July/August 2014

The Elusive Quest for Deeper Learning


How can schools consistently generate deeper learning for all of their students? This, we believe, is the central question that the American public education system must address if it is to thrive in the 21st century. It is also the question that we set out to investigate when we undertook the Deeper Learning project in the spring of 2010. At the time, we assumed that if we consulted the right people and looked in the right places, we could find a number of schools with clear-cut solutions.

Four years later, after spending thousands of hours in 30 high schools around the country, we have indeed emerged—but not with the answers we expected. Many of the schools we visited were struggling to realize any commitments consistently; they lacked mechanisms to counter widespread variations in the quality of instruction across classrooms. Even among the more successful schools we did not find any single nonelite, four-walled institution that consistently realized deeper learning for all of its students.

What do we mean by deeper learning? The cognitive science literature describes deeper learning as learning that enables not only retention but also transfer of knowledge. The pedagogical literature emphasizes that deeper learning involves processes that sit at the top of the traditional learning taxonomies: analysis, synthesis, and creation, as opposed to recall and application. Jerome Bruner famously suggested that deeper learning requires understanding not just the content but also the structure of how disciplines work.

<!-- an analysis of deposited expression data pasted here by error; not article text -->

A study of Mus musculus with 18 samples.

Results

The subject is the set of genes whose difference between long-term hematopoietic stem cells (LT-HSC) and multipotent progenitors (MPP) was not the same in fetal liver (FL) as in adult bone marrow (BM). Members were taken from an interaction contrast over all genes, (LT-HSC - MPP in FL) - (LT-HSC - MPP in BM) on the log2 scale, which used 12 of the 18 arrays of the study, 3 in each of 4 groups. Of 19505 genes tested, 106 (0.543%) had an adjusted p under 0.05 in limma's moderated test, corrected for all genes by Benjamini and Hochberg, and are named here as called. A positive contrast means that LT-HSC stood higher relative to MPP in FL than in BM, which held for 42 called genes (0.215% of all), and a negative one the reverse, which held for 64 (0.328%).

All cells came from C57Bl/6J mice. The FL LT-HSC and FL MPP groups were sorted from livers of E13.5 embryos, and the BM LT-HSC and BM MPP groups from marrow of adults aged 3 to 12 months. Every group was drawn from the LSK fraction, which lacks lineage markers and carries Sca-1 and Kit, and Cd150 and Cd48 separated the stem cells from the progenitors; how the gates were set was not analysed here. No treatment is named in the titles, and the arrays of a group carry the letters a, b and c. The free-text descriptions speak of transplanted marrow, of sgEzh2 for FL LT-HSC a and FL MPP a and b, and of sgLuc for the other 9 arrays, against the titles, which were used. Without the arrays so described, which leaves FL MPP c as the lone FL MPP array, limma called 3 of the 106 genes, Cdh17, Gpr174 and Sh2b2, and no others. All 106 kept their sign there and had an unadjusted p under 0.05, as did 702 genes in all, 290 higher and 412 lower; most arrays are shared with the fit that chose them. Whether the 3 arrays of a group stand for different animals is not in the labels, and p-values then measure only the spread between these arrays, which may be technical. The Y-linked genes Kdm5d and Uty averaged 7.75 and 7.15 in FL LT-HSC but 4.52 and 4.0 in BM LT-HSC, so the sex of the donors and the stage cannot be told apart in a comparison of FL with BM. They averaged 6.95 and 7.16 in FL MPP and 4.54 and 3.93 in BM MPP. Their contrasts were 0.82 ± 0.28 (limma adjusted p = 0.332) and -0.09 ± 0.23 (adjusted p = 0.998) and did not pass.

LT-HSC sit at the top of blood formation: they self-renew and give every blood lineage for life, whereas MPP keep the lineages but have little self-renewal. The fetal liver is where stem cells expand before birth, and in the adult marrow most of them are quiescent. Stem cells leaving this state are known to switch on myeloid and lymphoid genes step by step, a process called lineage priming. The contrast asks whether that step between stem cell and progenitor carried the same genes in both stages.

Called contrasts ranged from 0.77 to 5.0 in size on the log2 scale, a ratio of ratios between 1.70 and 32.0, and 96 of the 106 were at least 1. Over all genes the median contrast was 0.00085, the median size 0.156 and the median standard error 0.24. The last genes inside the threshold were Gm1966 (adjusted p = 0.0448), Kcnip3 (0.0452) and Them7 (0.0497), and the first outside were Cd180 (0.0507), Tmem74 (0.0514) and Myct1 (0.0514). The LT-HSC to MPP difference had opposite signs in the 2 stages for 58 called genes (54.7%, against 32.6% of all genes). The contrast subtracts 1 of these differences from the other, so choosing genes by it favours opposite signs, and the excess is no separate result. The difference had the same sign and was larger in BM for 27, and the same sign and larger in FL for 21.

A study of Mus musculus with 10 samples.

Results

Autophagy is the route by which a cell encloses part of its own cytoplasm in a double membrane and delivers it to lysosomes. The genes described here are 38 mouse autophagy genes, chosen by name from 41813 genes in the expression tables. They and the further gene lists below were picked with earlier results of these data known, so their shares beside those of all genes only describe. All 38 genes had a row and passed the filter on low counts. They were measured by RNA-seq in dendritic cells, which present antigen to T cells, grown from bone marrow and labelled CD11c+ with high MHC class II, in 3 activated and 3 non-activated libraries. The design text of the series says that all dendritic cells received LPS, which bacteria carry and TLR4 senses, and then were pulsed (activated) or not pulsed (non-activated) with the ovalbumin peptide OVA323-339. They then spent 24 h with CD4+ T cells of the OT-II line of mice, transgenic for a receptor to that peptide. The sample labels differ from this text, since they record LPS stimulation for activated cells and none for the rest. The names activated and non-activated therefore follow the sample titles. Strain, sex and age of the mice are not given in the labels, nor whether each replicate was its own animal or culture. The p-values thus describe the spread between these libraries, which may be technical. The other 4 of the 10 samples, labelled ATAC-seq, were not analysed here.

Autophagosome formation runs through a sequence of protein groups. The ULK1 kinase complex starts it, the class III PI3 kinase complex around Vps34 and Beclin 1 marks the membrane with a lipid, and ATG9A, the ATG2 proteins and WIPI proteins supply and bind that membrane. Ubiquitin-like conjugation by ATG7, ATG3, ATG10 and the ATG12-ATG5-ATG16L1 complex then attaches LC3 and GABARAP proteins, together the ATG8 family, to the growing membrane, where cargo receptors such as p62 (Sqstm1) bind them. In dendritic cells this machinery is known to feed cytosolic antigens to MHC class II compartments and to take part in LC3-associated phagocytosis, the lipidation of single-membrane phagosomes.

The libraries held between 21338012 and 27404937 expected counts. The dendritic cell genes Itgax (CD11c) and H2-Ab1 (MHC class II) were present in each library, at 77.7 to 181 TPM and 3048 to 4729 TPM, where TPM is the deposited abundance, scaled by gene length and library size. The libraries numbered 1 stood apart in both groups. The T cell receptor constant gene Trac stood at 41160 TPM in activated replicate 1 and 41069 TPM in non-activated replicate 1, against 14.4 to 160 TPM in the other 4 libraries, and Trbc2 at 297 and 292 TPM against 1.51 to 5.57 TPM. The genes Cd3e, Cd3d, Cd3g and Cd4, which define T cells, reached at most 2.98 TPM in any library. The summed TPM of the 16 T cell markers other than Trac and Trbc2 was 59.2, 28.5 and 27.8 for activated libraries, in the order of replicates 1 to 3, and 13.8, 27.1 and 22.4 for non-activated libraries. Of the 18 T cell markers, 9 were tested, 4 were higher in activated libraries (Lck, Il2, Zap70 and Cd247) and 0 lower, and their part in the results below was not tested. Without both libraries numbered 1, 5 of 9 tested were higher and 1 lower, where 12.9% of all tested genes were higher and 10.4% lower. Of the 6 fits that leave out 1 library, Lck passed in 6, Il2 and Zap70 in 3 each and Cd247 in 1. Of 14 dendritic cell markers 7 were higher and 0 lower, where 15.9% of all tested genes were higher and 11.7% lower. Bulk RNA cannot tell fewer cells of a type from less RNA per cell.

This is an excerpt from the Harvard Education Letter. Subscribers can click here to continue reading this article.


Also by this Author

    For Further Information

    S. Delamont and P. Atkinson. “Doctoring Uncertainty: Mastering Craft Knowledge.” Social Studies of Science 31, no. 1 (2001): 87–107.

    S. M. Fine. “‘A Slow Revolution’: Toward a Theory of Intellectual Playfulness in High School Classrooms.” Harvard Educational Review 84, no. 1 (2014): 1–23.

    T. Kuhn. The Structure of Scientific Revolutions. Chicago: University of Chicago Press, 1962.

    J. Mehta and S. Fine. “Teaching Differently . . . Learning Deeply.” Phi Delta Kappan 94, no. 2 (2012): 31–35.

    D. Perkins. Making Learning Whole: How Seven Principles of Teaching Can Transform Education. San Francisco: Jossey-Bass, 2009.